BWW Review: New York ghosts consider the meaning of life and art in the jazz-fueled (A)LOFT MODULATION at A.R.T./NY Theatres


In 1955, W. Eugene Smith, a celebrated photographer quit his job "when Life Magazine was practically the internet." He left his family and moved into a dilapidated loft in Manhattan's extremely seedy flower district. Smith was in search of himself, his vision and his art. Hall Overton, a Julliard teacher, was his neighbor. Their adjoining lofts were the late night haunts of famous musicians (Sonny Rollins, Theolonious Monk), painters (Salvador Dali) and other colorful characters.

Between 1957 and 1965, Smith took 40,000 pictures of life in the loft. He also wired the entire building as a recording studio and made 4,500 hours of audiotape. Music, conversations and cats having sex. A writer named Sam Stephenson researched all of this material for thirteen years. He wrote an extraordinarily well-received book called The Jazz Loft Project in 2009. Jaymes Jorsling's play is inspired by this extensively documented slice of artistic New York life near the end of the heyday of jazz.

The character of Myth Williams is the Smith person from history. His need for art is intense and raw. The driving force? "I want to matter!" His loft has no door and is filled with cameras, pictures, booze and drugs. Upstairs, the Julliard pianist Way Tonniver is composing and jamming late into the night. Reggie Sweets is the brilliant drummer who everyone cannot praise enough.

One of the richest veins found in this play is Reggie's mind. When things are good, "it's all a percussive orchestra." When he sees "the Picassos," however, the pain hurts and his music suffers. Myth asks who the Picassos are? They are the "eyes of people not giving me 100%... in backs of heads... from sides of their necks... judging eyes, sprouting from everywhere...like fungus."

Reggie turns to drink and drugs, as do many who frequent this loft. Skyler is the prostitute who Myth befriends. Chip is a junkie. This world is alive with creativity, angst, self medication, joy and hardship. The Cuban missile crisis and the assassination of JFK weave into this messy fabric. In between scenes, improvisational jazz is played. Directed by Christopher McElroen, the mood setting of the period feels right.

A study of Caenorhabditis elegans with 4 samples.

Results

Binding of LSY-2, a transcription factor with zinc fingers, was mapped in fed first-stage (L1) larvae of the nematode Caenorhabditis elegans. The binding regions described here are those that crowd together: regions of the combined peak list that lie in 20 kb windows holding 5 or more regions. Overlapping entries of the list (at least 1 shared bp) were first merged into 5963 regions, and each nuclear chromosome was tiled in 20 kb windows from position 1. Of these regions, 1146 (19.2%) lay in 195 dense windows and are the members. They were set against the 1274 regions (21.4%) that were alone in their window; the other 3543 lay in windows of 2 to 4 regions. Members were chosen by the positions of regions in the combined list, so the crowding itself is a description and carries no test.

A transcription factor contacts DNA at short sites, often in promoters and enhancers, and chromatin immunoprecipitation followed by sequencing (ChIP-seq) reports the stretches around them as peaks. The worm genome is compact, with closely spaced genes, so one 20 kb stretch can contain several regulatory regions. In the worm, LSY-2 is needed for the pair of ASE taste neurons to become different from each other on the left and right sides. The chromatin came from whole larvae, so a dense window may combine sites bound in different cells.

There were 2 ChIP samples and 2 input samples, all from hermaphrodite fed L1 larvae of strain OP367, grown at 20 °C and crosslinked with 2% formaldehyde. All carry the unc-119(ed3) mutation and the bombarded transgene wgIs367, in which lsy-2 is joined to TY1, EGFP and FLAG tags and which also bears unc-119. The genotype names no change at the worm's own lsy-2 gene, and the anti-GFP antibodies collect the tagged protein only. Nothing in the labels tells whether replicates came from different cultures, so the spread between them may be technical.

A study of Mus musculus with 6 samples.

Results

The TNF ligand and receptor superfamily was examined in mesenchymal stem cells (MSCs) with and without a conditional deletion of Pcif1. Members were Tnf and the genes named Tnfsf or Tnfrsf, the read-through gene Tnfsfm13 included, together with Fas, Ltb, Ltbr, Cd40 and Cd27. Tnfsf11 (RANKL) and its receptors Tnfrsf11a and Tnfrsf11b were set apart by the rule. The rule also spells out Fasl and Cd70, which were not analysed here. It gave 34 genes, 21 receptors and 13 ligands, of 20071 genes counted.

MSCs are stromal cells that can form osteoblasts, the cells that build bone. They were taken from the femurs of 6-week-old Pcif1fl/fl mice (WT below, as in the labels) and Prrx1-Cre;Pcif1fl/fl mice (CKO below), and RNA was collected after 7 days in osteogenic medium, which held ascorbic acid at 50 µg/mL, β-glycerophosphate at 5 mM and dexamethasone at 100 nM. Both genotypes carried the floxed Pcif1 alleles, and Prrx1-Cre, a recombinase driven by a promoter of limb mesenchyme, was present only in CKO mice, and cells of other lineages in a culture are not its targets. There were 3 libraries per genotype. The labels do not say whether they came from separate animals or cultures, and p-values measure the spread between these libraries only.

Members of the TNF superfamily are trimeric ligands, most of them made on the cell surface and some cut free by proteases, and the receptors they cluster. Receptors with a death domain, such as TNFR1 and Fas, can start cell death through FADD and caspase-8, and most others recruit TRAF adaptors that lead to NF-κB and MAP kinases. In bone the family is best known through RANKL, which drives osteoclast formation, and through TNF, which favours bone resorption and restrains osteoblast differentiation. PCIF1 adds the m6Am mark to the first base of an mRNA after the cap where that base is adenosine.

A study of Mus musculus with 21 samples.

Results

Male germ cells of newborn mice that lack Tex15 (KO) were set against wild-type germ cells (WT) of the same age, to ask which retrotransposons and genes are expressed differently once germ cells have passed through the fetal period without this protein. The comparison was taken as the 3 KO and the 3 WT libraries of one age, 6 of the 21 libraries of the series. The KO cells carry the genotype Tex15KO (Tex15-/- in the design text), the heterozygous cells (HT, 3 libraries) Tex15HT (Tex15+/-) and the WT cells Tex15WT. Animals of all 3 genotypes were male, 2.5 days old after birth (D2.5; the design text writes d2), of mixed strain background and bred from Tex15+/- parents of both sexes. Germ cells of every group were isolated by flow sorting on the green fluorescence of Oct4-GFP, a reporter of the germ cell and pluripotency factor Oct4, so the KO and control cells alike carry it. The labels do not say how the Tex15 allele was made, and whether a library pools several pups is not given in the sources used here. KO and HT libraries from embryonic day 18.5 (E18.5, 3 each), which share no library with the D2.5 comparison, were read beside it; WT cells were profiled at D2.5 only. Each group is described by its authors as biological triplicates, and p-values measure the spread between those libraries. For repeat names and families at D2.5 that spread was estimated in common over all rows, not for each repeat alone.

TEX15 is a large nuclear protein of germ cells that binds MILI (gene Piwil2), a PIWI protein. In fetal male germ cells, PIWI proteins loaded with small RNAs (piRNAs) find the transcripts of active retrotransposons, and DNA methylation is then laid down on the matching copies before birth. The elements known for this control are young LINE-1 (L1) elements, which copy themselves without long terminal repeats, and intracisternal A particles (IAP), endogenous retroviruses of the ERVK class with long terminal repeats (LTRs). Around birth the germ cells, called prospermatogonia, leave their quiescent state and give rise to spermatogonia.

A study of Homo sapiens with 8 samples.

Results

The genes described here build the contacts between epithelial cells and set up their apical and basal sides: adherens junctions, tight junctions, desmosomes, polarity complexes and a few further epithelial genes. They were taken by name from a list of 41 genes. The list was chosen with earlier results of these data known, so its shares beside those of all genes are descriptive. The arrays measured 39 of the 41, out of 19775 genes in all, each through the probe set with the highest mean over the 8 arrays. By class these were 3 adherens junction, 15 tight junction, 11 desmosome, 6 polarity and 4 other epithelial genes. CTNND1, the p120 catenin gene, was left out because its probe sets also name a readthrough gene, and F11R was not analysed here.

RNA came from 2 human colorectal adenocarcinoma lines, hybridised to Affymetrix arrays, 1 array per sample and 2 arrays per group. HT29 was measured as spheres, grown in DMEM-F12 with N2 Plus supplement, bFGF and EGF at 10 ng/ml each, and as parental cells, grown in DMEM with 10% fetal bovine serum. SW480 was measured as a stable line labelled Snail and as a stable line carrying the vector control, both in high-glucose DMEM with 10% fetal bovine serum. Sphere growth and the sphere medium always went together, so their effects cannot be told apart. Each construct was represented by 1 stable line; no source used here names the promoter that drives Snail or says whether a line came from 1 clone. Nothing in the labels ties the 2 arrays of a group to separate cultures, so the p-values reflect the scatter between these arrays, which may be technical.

(A)loft Modulation also takes place in 2019. Like the original researcher, the character of Steve Samuels (Kevin Cristaldi) discovers this treasure trove of images and piles of unlabeled audiotapes. His intensive perusal through these artifacts becomes our journey. Time shifts back and forth. There is a moment late in the play when Steve listens in on the early days. After all of the drama already endured, it was jolting to see the inhabitants returned to vibrancy and possibility. The last line was quietly heartbreaking and utterly perfect.

This play does need some editing. The scenes which are least effective are between Steve and his wife (Julia Watt). She's in real estate and introduced Steve to this forgotten museum. His passion and drive to be consumed by something resonates strongly. As someone driven by a passion for theater and writing after decades within the business world, I related to his desire to be immersed and energized by something non-linear and personally mesmerizing. The simplistic bickering between the two, however, added little to the significant depths and themes of the overall story.

As piano player Tonniver, Eric T. Miller may have been beamed in from the era. His physicality and presence were astonishingly real. Why can some artists frequent this loft and yet not be consumed by their darkest impulses? Mr. Miller's performance as someone straddling the creative and pragmatic nicely hinted at a possible answer to that question.

PJ Sosko plays Myth Williams and is completely believable in the role. I love that I did not like him even though I do admire tenacity. As portrayed by the excellent Elisha Lawson, Reggie was the most contrasted individual with the highest of highs and the lowest of lows. Even the grifter Chip (nicely embodied by Spencer Hamp) devolved as time progressed.

Humor is often employed by these individuals. They seemed to enjoy each other, their collective dreams and quests for excitement despite the obvious potential for destruction and chaos. Horn player Charlie Hudson III (Sleepy Lou Butler, terrific) may be the character who most helps us see the fun in this loft. The female roles were tougher to swallow. Christina Toth's Skyler did not seem like a drug-addled prostitute from the period but she was effective in her relationship chemistry.

All of the action occurs on a memorable multi-level set design by Troy Hourie. The building is presented as a cross-section with every room wide open for observation and study. A large scale diorama with sound and movement ingeniously captures then and now (lighting by Becky Hiesler McCarthy).

This story is for those people interested in New York history, the creative mind, a willingness to pursue life unfettered by societal norms and the fragility of the human spirit. (A film would not surprise me at all.) As a play, A(loft) Modulation is a bit too slow and measured. The vast amount of thought which came to me afterward nevertheless makes this production worthwhile. Here's an opportunity to listen to ghosts and consider the meaning of life and art. That does not happen everyday.

A(loft) Modulation is presented by the american vicarious at Alliance of Resident Theatre/New York (A.R.T) and is scheduled to run through October 27, 2019.